Two young teenage girls with astounding strength can likely lift more than you.
Kasha Sachdev, 15, started powerlifting at the age of eight and 13-year-old Noa Eappen was inspired to join her when she was 10. The firm friends, trained by Sachdev’s professional power lifter and body builder father Nicholai Sachdev, have won multiple gold medals picking up heavy weights, along with becoming strong role models. Their achievements have included setting world records.
The Mumbai-based girls are looking forward to representing India for the first time internationally at the WPC-Powerlifting Open European Championship in June 2023. Eastern Eye caught up with the great symbols of girl power to discuss their weightlifting journey.
Kasha, could you tell us what inspired you to start powerlifting?
Kasha: I had watched my father Nicholai Sachdev lift and strive for strength (and inherently, perfection) in the gym from a young age. I had the condition Genu Valgum, more commonly known as ‘knock knees’ and was put through two corrective surgeries for it. Physiotherapy and occupational therapy had been medically prescribed to me for rehabilitation, but my father, after copious amounts of research, thought it a better idea to train me in the gym.
How did you start learning to lift weight as an eight-year old?
Kasha: I started with simple movements, slowly progressing onto the three fundamental powerlifting movements, the bench press, squat, and deadlift. I progressively increased the weight and subsequently my strength. This, over the course of a few years, fixed my knees and developed my passion for powerlifting. It instilled my belief that everything happens for a reason; if it weren’t for my knee condition, it’s doubtful I would have taken up this fantastic sport of powerlifting.
Noa, what was the first thing that you liked about powerlifting?
Noa: The first thing I liked about powerlifting was how it made me feel. Powerlifting empowered me to know that I’m not like every other girl, but a strong teenager in a male-dominated sport, who can inspire other women to be strong and tough.
When did it become a passion?
Noa: When I first started powerlifting, I wasn’t sure if this is something I’d like to take up professionally. Slowly I realised the sport requires physical strength, but also requires mental will. I gradually began to hit bigger numbers and was hooked sooner than I thought. It made me happy to just be under the bar and push as hard as I could.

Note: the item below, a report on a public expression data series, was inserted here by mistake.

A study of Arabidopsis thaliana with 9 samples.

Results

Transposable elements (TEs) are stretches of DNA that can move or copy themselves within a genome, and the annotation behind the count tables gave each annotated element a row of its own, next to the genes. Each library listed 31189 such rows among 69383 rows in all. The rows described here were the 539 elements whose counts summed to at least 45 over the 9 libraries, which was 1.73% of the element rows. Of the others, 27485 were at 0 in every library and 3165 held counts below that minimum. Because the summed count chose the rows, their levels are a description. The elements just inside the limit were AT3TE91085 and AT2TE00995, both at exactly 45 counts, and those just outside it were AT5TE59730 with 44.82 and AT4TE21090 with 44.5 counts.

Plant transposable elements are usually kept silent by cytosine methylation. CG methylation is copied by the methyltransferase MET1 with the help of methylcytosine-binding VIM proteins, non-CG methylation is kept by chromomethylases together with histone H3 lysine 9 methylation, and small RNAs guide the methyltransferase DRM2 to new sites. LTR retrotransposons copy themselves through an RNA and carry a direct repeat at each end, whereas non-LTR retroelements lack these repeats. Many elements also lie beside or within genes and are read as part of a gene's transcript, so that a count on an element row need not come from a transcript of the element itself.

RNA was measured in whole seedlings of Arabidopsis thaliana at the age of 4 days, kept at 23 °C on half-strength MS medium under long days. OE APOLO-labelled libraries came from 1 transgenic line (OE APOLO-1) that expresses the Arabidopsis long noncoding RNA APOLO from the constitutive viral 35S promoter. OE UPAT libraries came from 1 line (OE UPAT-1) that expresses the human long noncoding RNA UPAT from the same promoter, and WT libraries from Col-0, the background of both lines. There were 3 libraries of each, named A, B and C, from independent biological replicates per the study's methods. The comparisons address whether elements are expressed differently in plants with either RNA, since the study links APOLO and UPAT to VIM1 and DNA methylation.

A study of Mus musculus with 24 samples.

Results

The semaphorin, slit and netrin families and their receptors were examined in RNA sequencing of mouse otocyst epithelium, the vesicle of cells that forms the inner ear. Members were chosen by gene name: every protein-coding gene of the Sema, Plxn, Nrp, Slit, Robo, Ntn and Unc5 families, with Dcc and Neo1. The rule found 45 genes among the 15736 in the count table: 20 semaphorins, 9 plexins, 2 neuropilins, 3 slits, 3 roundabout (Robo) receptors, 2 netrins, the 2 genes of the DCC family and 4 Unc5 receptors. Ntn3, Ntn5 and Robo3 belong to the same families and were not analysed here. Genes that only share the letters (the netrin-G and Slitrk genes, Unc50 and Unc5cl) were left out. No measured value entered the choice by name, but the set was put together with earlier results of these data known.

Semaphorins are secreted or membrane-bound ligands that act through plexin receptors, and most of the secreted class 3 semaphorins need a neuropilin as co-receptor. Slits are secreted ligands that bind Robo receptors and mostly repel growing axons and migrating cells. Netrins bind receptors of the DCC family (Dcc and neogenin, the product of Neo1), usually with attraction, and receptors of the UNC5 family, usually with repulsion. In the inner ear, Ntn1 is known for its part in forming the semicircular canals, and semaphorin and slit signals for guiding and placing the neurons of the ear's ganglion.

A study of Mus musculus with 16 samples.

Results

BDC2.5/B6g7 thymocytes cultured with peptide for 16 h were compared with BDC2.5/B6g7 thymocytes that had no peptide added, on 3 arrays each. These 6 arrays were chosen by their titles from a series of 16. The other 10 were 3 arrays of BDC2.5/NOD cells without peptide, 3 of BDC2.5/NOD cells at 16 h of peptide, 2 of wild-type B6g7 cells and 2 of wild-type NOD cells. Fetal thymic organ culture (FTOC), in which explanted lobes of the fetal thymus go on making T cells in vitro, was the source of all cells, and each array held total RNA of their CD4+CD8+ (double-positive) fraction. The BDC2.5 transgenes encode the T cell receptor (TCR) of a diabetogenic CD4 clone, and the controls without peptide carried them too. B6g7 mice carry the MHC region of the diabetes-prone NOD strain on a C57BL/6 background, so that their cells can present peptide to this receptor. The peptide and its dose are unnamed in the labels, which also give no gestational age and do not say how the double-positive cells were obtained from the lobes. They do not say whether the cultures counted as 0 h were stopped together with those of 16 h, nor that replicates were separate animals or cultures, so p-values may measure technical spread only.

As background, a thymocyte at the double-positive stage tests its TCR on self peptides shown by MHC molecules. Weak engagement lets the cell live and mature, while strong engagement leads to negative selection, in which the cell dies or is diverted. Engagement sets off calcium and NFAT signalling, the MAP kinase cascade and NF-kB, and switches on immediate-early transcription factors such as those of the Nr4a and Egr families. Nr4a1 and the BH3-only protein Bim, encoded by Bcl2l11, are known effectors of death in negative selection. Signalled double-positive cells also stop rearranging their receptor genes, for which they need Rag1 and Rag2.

What has been your most memorable moment in powerlifting?
Noa: My most memorable moment has been winning three golds at the WPC Nationals in Bangalore. I was excited to win my first medal, but was even more thrilled as Kasha, who is like an older sister to me, also won gold in all three categories. We were both ecstatic for each other.
Kasha: Powerlifting, in my opinion, is very rewarding. I feel grateful just waking up feeling strong every day, seeing my lifts go up every week. All the victories in competition and various achievements are a reminder of all the hard work and dedication we put into training. That hard work gifts us moments we will never forget.
You train together in the gym. How much do you both motivate one another?
Noa: Kasha and I are like sisters, so we always have each other’s back. We push each other, but also cry together when we miss big lifts. When I lift, the loudest voice I hear is hers. I draw a lot of strength from her motivation.
How do you balance training with school?
Kasha: I train for a couple of hours, five to six times a week at 6.30am before school, and do cardio after school for an hour, alongside studying, tutoring, other extracurriculars, assignments and school in general. I manage the balance, but it does get tough sometimes. I try to schedule everything down to the minute, which helps me get a better hold on the tasks at hand.
How does it feel being stronger than your schoolmates, including boys?
Kasha: It now feels more normal. I’m very proud of those around me for normalising women empowerment, especially in fields where it was a social anomaly to have a woman contestant, in strength sports like powerlifting. This will, of course, be a long-lived fight for equal representation but it’s nice to see that other students aren’t shocked by a young woman competing in powerlifting and being relatively stronger than them.
What are your future hopes in powerlifting?
Noa: I don’t know how long I will be powerlifting professionally, but before that time comes, I have many more medals to win and competitors to beat. Right now, I am focused on competing internationally. I have the WPC European Powerlifting meet in Kyrgyzstan in June, where I hope to set a new world record in my weight category.
Powerlifting requires dedication. What is the secret of remaining motivated?
Kasha: To stay motivated, I try to maintain short-term goals, either with the weight I lift, or certain muscles I want to grow or strengthen. This gives me clarity and an immediate sense of success, which is so rewarding. Consistency and well-earned rests keep me motivated through months of long hours in the gym.
Why do you love powerlifting?
Noa: I love powerlifting because of the confidence I have gained through the process. It made me comfortable in my own skin. I’ve learned the value of discipline and drive. It has taught me that perseverance, hard work, grit, and regime will always pay off.
Kasha: It’s been a part of my life for as long as I can remember. I love it for the challenges – powerlifting calls for physical and mental strength, endurance, and skill. I love the competitive spirit and sense of belonging powerlifting gives me. It makes me feel confident, beautiful, and strong.